Sales of new U.S. homes rose more than expected in May, according to the Commerce Department, a hopeful sign that the housing market is still on a recovery track.
Total new home sales grew 7.6 percent last month, to a seasonally adjusted annual level of 369,000 homes. That is a high not seen since April 2010, and even then sales were artificially inflated by the homebuyer tax credit. Economists had roughly predicted that sales would reach a pace of 346,000 in May, well below the actual sales. And compared with the previous year, new home sales were up 19.8 percent.
The median price of new homes also increased in May, rising 5.6 percent from a year ago to $234,500. Inventory inched up 0.7 percent to 145,000 homes on the market, representing a 4.7-month supply at the current sales pace.
“The housing market recovery remains on track. While we still have a long ways to go, healing is taking place and we are starting to see improvement,” said Sam Bullard, a senior economist at Wells Fargo Securities in Charlotte, North Carolina as quoted in a Reuters article.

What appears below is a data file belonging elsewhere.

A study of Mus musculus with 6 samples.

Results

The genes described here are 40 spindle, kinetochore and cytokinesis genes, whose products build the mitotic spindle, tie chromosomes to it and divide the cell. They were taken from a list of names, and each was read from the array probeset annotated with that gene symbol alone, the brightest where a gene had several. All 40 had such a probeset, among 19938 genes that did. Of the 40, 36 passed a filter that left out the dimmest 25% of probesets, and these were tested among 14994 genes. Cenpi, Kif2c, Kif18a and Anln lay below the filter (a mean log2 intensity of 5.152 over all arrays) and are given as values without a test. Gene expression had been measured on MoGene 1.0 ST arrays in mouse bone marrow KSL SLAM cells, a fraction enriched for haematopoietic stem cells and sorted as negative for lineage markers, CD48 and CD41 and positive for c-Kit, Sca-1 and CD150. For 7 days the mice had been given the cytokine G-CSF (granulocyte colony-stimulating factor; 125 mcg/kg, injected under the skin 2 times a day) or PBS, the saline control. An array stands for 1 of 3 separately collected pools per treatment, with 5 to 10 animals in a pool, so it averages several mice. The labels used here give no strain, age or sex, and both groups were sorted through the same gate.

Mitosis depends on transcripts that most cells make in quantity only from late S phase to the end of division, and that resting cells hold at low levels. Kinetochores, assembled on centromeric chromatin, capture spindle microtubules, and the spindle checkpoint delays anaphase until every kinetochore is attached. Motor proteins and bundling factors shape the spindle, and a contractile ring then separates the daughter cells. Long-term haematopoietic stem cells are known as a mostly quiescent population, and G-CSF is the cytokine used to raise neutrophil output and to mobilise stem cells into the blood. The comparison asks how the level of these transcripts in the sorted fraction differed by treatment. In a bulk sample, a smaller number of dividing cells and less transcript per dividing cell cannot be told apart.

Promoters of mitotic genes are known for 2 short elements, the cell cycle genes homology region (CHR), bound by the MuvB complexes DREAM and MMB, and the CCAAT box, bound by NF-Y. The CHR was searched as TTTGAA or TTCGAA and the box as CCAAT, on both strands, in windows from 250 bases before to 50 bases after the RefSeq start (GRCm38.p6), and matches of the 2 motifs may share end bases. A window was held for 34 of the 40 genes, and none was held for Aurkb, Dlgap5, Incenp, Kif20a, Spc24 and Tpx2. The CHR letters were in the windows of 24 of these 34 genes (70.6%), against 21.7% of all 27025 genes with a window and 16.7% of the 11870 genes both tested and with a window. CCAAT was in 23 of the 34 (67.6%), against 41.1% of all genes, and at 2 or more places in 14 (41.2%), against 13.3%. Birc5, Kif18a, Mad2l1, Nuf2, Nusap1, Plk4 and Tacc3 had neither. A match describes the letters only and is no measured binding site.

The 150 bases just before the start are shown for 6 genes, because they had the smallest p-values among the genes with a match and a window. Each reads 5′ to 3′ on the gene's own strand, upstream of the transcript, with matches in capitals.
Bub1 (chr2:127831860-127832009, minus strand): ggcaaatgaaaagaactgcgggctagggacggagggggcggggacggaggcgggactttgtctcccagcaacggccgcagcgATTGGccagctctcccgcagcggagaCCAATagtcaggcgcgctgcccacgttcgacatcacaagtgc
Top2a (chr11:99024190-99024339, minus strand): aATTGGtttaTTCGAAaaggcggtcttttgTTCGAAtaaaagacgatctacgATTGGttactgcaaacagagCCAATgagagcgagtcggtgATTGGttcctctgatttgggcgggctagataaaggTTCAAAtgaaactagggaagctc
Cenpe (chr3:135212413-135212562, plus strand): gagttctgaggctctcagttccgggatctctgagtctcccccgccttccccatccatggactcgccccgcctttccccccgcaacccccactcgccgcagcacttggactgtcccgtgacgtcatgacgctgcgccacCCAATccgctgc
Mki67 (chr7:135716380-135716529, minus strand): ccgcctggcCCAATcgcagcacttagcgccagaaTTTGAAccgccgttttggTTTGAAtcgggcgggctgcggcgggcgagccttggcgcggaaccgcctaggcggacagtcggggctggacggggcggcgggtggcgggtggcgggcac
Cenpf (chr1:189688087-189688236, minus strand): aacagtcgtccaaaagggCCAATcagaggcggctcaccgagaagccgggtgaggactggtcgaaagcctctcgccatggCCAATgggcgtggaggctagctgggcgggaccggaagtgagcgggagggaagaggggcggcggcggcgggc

Yet this increase in new home sales may not truly be a sign of recovery just yet. It is possible that sale of new homes increased as the supply of lower-priced existing homes has dwindled in many areas. The National Association of Realtors reported last week that inventory of existing homes fell to 2.49 million homes in May. At the current sales rate that is only a 6.6-month supply, down noticeably from one year earlier when there was a 9.1-month supply.
And particularly absent from many housing markets is an abundance of foreclosed and other distressed properties that have been reeling in investors and first-time buyers. So, in some cases buyers may have been turning to new homes when others in their price range have not been readily available.